Wednesday, July 24, 2024

Review: Tony Award Winning Dreamgirl Jennifer Holliday Wows Legendary Cafe Carlyle in Debut with R&B Infused Great American Songs


And I’m telling you: Jennifer Holliday is not going anywhere.

The Tony winning star of the original “Dreamgirls” hit legendary Cafe Carlyle last night with thunder and lightning.

Holliday has never done the famous Cafe before and rarely has done cabaret or jazz. But her preparation was acute and immaculate. She’s tackling the Great American Songbook through R&B and recalling the best of Ella, Sarah, and Dinah Washington.

Holliday has had a long up and down career, she’s the first to admit. She was only around 20 when “Dreamgirls” made her an international star, and that song — “And I’m Telling You” — became a good news- bad news deal. The song was such an emotional hit for women that Holliday says in her show, they were coming up to her in Target declaring it saved their marriages.

“Good for them!” Holliday says. “I had two and it didn’t do anything for me!”

She saves “And I’m Telling You” for the end. But it’s everything that comes before it that should draw crowds. She’s gone headlong into Harold Arlen, the Gershwins, Nina Simone, and even Barbra Streisand, giving new life to “On a Clear Day You Can See Forever” with ferocity and soul that makes a warhorse sound new.

Funny thing about Streisand: on stage Holliday recalls their odd connection. In 1984, Streisand asked her to sing the Oscar nominated “The Way He Makes Me Feel” from “Yentl.” “Barbra was on strike that year because she wasn’t nominated for Best Director,” Jennifer recalls. “So she asked me to do it.”

Holliday, then considerably heavier, brought down the house.

She brought it down against last night with numbers like “Come Rain or Come Shine,” which startled the Carlyle crowd with an infusion of gritty crescendo’s that probably shook the fancy hotel rooms above us. I loved how she researched the songs, pulling together a combination of lyrics for Sondheim’s “I’m Still Here” and revealing the backstory for Johnny Mercer and Hoagy Carmichael’s “Skylark” — Mercer was having an affair with 19 year old Judy Garland when he wrote it for her.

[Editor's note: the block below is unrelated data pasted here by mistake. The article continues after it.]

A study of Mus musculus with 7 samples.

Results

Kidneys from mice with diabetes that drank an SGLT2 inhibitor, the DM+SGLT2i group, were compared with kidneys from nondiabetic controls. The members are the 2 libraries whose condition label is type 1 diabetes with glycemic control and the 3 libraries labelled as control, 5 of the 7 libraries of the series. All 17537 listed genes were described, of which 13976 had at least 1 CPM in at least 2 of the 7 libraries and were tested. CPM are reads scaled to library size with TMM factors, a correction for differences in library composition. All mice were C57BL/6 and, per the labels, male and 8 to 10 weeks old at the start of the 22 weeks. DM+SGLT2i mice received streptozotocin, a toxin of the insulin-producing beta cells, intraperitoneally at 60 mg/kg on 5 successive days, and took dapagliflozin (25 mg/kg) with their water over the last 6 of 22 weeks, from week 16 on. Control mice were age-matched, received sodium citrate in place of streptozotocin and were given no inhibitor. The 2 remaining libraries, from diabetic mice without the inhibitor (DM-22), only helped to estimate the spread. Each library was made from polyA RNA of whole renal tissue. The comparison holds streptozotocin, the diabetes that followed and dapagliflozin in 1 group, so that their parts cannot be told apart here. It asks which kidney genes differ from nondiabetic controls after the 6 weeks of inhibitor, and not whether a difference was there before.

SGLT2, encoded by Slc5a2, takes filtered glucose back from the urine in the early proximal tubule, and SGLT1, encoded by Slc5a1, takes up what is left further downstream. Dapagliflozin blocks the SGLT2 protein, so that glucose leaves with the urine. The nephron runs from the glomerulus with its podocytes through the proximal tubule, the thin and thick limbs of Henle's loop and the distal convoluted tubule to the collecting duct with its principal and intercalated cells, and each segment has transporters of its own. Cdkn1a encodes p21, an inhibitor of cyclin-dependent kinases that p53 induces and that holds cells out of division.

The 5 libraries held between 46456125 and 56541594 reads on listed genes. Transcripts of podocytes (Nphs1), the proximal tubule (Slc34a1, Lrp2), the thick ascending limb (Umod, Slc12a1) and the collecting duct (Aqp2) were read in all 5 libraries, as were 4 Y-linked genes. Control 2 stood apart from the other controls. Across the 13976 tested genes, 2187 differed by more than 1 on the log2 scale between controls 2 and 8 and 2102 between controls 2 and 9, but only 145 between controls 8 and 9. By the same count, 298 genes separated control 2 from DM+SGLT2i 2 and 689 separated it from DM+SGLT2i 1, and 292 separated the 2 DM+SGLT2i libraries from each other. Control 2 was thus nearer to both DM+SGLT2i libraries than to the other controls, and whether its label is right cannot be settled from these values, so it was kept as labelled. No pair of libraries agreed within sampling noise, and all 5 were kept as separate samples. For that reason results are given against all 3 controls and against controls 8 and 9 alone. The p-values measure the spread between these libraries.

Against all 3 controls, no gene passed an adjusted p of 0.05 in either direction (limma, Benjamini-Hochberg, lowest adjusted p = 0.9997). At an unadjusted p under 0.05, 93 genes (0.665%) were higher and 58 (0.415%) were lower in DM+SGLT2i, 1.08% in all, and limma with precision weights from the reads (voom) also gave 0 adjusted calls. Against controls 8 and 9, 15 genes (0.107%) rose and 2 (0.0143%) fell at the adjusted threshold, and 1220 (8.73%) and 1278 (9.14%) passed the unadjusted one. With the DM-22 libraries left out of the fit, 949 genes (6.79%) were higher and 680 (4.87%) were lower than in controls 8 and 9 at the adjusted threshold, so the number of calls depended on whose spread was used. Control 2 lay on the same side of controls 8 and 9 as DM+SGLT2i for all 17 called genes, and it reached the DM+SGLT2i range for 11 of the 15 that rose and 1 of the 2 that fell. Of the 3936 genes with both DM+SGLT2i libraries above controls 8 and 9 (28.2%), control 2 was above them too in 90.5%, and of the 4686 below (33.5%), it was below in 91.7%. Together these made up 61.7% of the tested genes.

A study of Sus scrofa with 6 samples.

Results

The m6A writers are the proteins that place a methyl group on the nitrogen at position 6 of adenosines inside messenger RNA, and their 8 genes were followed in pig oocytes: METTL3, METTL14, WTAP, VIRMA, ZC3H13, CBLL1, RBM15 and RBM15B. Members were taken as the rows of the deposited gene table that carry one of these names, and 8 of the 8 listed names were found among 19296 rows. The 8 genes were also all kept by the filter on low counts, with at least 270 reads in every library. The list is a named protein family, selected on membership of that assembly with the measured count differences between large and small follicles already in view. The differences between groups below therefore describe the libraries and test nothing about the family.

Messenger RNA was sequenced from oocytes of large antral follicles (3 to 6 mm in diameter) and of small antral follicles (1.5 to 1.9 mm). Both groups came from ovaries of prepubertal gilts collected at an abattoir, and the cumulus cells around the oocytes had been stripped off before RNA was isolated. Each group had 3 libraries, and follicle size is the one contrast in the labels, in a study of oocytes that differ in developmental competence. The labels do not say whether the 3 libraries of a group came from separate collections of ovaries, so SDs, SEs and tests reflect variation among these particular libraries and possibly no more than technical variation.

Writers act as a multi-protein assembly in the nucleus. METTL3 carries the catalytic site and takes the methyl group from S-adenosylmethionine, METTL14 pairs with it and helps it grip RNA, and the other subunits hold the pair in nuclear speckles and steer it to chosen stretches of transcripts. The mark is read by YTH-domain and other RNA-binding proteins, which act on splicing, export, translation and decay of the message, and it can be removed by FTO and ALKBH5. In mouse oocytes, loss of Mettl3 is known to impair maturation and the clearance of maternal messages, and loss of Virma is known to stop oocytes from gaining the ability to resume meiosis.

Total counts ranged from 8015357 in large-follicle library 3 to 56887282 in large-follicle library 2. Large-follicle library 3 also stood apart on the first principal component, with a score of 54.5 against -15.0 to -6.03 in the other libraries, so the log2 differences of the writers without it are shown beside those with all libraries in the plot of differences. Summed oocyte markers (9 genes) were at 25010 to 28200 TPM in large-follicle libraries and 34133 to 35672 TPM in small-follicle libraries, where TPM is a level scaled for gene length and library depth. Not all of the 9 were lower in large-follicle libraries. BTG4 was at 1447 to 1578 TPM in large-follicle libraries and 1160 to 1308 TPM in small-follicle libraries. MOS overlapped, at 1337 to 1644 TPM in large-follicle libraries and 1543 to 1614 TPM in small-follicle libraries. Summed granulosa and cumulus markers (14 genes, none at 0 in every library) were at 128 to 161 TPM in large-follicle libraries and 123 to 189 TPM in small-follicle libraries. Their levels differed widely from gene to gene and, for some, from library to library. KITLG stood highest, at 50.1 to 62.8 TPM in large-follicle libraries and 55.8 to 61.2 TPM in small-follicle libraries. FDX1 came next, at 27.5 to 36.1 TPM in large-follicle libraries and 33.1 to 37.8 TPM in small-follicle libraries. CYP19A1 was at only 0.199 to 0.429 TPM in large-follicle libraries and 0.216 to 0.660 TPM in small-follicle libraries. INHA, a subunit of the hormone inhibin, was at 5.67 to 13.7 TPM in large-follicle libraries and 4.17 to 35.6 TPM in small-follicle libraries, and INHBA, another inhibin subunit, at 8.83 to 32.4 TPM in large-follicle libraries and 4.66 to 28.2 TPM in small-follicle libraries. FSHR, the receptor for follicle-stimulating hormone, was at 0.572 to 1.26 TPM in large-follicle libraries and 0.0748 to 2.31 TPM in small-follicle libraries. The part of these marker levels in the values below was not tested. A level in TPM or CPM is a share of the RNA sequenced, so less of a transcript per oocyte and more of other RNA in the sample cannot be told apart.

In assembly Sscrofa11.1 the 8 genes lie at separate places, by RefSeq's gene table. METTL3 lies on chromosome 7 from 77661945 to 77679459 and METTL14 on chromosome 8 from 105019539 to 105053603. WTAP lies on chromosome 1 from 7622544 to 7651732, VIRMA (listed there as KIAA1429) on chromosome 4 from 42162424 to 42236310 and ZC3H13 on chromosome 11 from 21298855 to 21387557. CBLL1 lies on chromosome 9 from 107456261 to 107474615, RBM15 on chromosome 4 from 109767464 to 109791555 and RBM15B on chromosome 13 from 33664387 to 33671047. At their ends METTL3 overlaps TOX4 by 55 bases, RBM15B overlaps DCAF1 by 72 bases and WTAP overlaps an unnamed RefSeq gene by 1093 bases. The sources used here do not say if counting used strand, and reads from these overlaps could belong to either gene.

Holliday says the night is about love, love, love, and she’s right. She might be in love now, and joked that she’s “not a cougar” and has an “age limit,” but is definitely dating younger guys. Good for her! They’re more likely to keep with her youthful outlook, appearance, and soaring voice.

As per often at Cafe Carlyle, the band comes in ad hoc and puts the whole thing together like the 24 Hour Plays. Holliday lucked out, as this group last night seemed like they’d been working together for years. Bobby Short himself would have been impressed. Their counterpoint to Holliday’s full throttle soul woke the old songs up. In that room, with so much history, they came alive.

Run– don’t walk– and catch Jennifer Holliday in this run. And let’s hope she comes back soon!

PS After this run, Jennifer Holliday had better be singing at every big New York charity event this summer and fall.

photo courtesy of David Andrako

Roger Friedman
Roger Friedman
Roger Friedman began his Showbiz411 column in April 2009 after 10 years with Fox News, where he created the Fox411 column. His movie reviews are carried by Rotten Tomatoes, and he is a member of both the movie and TV branches of the Critics Choice Awards. His articles have appeared in dozens of publications over the years including New York Magazine, where he wrote the Intelligencer column in the mid 90s and covered the OJ Simpson trial, and Fox News (when it wasn't so crazy) where he covered Michael Jackson. He is also the writer and co-producer of "Only the Strong Survive," a selection of the Cannes, Sundance, and Telluride Film festivals, directed by DA Pennebaker and Chris Hegedus.